More than 3,000 books of poetry are sold each year, and both whimsical and serious versifiers gain success.
By DENISE LOW
Special to The Star
Best-seller charts for poetry books show dogs are a sure thing now, at least among online consumers. And why not? My Facebook page has repeated dog and cat images basset hounds in top hats and kittens draped with yarn. These get hundreds of likes.
No surprise then that the current Amazon best-selling poetry books include:
Dog Songs: Poems
By Mary Oliver (144 pages; Penguin Press; $26.95)
Oliver is a first-rate poet whose work includes spiritual undertones. She often writes about nature in original, highly textured meditations. She has won the Pulitzer Prize and other recognition for her poetry.
Olivers beautifully produced Dog Songs has attractive illustrations of dogs by John Burgoyne. It assembles dog poems from recent books as well as new pieces and an essay.
In one, I Will Consider My Dog Percy, Oliver writes about how she chose to imitate the masterpiece of 18th century poet Christopher Smart. The dramatic dog monologue in Lukes Junkyard Song begins, I was born in a junkyard/not even on a bundle of rags.
I Could Chew on This: And Other Poems by Dogs
By Francesco Marciuliano (112 pages; Chronicle Press; $12.95)
Marciuliano is a satirist who writes for the Onion. His previous book, also a best-seller, spoke to the other side of the aisle: I Could Pee on This: And Other Poems by Cats.
Who can resist a pets voice, such as in this poem titled DOORBELL: THAT WAS THE DOORBELL!/SOMEONE RANG THE DOORBELL! Parody of dog-speak is unpretentious good fun.
Poems like The Cone and Unleashed appeal to everyones inner child.
Aimless Love: New and Selected Poems
By Billy Collins (288 pages; Random House; $26)
A dog on an antique tricycle graces the cover of Collins Aimless Love. Such whimsy characterizes all of these selections from his four books and new poems. Cheerios, for example, begins with the poets discovery that he is the same age as the cereal.
A Dog on His Master is in the spirit of Olivers work. A nameless hound says, As young as I look/I am growing older faster than he,/seven to one. Dogs can do arithmetic, but not calculus.
Collins, whose verse resembles that of Carl Sandburg, maintains a personable presence even in an elegy like Horoscopes for the Dead. The narrator reads how the departed loved one, a Pisces, could have a dramatic rise in income or he could need to reflect carefully before acting. Finally, the narrator closes the newspaper and remembers the funeral, with the deceased in a beautiful blue suit. Collins ends most of his poems with a predictable click to shut the box. Here, he concludes with the Pisceans spirit flying to heavens zodiac.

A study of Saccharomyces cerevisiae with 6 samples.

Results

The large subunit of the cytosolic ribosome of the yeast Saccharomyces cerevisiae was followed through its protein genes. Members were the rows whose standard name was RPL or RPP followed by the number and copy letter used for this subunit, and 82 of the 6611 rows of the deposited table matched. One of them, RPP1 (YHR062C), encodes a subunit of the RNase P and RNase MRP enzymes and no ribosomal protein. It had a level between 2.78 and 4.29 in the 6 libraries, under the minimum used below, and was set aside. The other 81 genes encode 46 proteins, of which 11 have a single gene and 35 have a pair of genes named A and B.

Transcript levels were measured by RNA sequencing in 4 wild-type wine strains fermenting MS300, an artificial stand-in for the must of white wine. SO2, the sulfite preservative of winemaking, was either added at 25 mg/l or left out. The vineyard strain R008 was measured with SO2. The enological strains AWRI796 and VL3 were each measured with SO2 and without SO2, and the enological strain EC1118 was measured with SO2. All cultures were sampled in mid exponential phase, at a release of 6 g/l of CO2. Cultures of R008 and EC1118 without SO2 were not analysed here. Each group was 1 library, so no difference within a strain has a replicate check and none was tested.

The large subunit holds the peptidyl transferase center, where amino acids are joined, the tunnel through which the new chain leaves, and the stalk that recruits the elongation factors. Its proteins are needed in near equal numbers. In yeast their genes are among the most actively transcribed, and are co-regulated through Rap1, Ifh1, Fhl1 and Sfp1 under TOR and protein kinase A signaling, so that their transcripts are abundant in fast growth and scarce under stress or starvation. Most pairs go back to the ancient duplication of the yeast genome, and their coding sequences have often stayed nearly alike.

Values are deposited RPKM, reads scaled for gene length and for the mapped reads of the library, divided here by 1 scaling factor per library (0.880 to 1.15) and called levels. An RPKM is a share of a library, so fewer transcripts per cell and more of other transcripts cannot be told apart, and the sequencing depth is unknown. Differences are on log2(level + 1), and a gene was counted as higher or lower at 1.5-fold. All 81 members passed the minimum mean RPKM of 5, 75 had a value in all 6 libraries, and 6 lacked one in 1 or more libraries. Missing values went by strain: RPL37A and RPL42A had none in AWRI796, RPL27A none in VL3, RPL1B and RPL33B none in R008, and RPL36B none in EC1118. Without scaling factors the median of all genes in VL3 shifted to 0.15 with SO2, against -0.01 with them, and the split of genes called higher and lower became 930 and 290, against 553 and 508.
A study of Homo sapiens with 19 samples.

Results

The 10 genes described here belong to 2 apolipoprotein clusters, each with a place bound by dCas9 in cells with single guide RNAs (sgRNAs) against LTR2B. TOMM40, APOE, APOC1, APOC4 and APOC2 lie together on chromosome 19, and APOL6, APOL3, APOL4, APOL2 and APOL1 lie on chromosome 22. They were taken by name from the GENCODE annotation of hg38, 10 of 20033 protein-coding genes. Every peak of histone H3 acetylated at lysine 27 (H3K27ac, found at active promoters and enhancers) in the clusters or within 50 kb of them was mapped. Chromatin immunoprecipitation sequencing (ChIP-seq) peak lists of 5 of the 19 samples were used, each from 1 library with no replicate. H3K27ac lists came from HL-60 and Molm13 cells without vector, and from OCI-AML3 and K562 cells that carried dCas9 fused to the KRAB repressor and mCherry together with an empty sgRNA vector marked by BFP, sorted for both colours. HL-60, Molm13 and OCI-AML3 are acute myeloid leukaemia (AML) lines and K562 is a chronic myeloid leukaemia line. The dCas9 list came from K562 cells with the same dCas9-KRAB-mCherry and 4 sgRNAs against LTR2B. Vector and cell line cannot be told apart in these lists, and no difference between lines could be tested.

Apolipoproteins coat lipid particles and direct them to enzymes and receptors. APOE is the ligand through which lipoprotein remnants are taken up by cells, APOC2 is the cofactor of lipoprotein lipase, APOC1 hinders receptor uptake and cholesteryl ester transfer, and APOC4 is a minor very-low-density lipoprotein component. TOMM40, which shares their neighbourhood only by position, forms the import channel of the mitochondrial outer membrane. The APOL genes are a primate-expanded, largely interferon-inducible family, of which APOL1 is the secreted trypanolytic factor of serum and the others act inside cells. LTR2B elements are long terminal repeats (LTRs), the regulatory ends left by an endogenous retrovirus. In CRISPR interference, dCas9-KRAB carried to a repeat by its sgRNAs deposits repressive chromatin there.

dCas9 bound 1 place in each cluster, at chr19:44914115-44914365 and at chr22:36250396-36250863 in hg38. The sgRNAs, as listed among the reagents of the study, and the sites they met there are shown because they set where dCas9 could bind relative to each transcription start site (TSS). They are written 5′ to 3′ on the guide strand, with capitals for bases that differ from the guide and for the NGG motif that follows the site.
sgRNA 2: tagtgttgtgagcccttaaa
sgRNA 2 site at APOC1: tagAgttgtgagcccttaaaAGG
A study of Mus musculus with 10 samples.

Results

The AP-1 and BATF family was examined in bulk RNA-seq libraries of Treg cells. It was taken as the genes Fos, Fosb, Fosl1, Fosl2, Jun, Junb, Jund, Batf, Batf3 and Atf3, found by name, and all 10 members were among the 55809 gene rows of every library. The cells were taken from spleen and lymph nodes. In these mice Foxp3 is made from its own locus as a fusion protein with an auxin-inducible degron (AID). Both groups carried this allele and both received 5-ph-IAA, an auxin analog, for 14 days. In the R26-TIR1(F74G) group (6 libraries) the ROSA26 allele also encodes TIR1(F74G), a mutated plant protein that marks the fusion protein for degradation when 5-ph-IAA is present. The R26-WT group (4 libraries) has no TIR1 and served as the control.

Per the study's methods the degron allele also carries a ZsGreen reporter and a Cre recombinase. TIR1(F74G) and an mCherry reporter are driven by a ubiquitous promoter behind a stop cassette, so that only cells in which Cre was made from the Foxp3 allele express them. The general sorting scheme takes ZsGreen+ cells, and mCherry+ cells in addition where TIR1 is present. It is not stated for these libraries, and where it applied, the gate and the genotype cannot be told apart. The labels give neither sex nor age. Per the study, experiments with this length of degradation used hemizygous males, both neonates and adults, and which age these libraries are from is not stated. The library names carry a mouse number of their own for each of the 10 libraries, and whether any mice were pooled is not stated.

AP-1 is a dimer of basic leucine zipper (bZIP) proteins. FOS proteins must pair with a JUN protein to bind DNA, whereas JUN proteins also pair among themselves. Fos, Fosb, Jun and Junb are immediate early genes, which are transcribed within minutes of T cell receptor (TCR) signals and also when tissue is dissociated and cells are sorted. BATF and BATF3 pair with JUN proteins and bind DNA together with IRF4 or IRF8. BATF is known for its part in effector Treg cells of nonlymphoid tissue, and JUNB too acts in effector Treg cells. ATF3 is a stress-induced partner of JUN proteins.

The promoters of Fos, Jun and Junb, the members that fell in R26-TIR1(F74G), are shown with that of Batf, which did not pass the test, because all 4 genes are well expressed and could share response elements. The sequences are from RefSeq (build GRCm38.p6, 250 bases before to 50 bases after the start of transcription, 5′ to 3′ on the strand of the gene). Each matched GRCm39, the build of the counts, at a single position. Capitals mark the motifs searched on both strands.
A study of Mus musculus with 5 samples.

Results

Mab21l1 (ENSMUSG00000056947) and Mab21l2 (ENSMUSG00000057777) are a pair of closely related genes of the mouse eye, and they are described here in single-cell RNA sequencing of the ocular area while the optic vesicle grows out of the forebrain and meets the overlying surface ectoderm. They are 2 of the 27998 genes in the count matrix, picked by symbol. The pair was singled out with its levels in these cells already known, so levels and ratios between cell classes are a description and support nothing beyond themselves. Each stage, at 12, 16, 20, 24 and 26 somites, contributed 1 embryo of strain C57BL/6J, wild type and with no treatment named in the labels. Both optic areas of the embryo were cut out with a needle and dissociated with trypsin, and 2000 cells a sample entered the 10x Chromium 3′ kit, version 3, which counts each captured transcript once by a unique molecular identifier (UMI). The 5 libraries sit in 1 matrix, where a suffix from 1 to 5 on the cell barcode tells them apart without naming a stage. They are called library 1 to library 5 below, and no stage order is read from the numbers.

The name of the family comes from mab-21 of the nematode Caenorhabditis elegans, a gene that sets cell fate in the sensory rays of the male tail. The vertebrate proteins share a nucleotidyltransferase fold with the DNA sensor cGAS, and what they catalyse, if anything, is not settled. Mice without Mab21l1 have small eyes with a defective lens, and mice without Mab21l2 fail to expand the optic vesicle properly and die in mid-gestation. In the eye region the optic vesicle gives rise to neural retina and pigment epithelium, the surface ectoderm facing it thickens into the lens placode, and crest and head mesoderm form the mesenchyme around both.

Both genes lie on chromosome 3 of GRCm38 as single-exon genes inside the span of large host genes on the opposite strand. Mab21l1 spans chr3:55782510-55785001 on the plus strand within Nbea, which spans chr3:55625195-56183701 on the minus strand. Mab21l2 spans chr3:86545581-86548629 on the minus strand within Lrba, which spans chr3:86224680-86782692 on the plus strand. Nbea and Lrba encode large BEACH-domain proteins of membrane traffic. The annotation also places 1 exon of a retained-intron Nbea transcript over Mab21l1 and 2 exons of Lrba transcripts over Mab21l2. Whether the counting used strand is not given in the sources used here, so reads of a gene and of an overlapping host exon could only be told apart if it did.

By Ronald Johnson (336 pages; Flood Editions; $17.95)
Small Press Distributions best-sellers represent a different kind of poetry. This Berkeley-based business reports its top seller is ARK, a reprint of the experimental epic by Kansas poet Ronald Johnson now available to a larger audience for the first time.
Before his death in Topeka in 1998, Johnson was an early practitioner of concrete poems, lines in the shape of their content. An example is the two words wing and wind printed in an X shape. He created the erasure poem RADI OS from John Miltons Paradise Lost by subtracting letters, and so on.
ARK is an epic poem based on architectural forms, specifically the Watts Towers in Los Angeles designed by Simon Rodia. The title ARK is an abbreviation for architecture, as well as a suggestion of Noahs flood, words as containers and more. Three sections are The Foundations with 33 Beams; The Spires; and The Ramparts.
Gerard Manly Hopkins sonnets have a distant kinship to Johnsons mosaic-like constructions, like Beam 10, which reads in its entirety: daimon diamond Monad I/Adam Kadmon in the sky. This rhymes but also piques word histories.
Students of poetry will be reading Johnsons ARK to study its structures as well as to enjoy its originality.
What Ive Stolen, What Ive Earned
By Sherman Alexie (156 pages; Hanging Loose Press; $19)
Alexies book is second on the list of Small Press Distributions best-sellers. A member of the Coeur DAlene tribe and living in Spokane, Wash., he won the National Book Award for a novel, but his poetry, though less recognized, is sharp-edged, effortless and inventive.
With his craft, he creates social critique festooned with tragic humor, such as in Family Memoir: We carried the furniture out of the burning house-/it was a blistered finger chore/And then hurried all of the chairs, sofas, and beds/into the burning house next door.
Alexie has used the term reservation noir, and the feeling shows up in The Shaman of Ice Cream. His fathers funeral is a family gathering of music, food and visiting. Along the way the narrator notices how unreal the corpse has become: If I picked him up, I could shake him/like a gourd rattle.
Wallace Stevens The Emperor of Ice Cream is the starting point for this poem, but Alexie takes it into a dimension of extreme realism.
In this book, Alexie reinvents the sonnet form as a 14-line prose poem, with discursive lines that echo the storytellers art. He is one of the most inventive as well as prolific literary writers; this is his 24th book.
Denise Low, former Kansas poet laureate, is a freelance writer who lives in Lawrence. She is the author of Natural Theologies: Essays, from The Backwaters Press.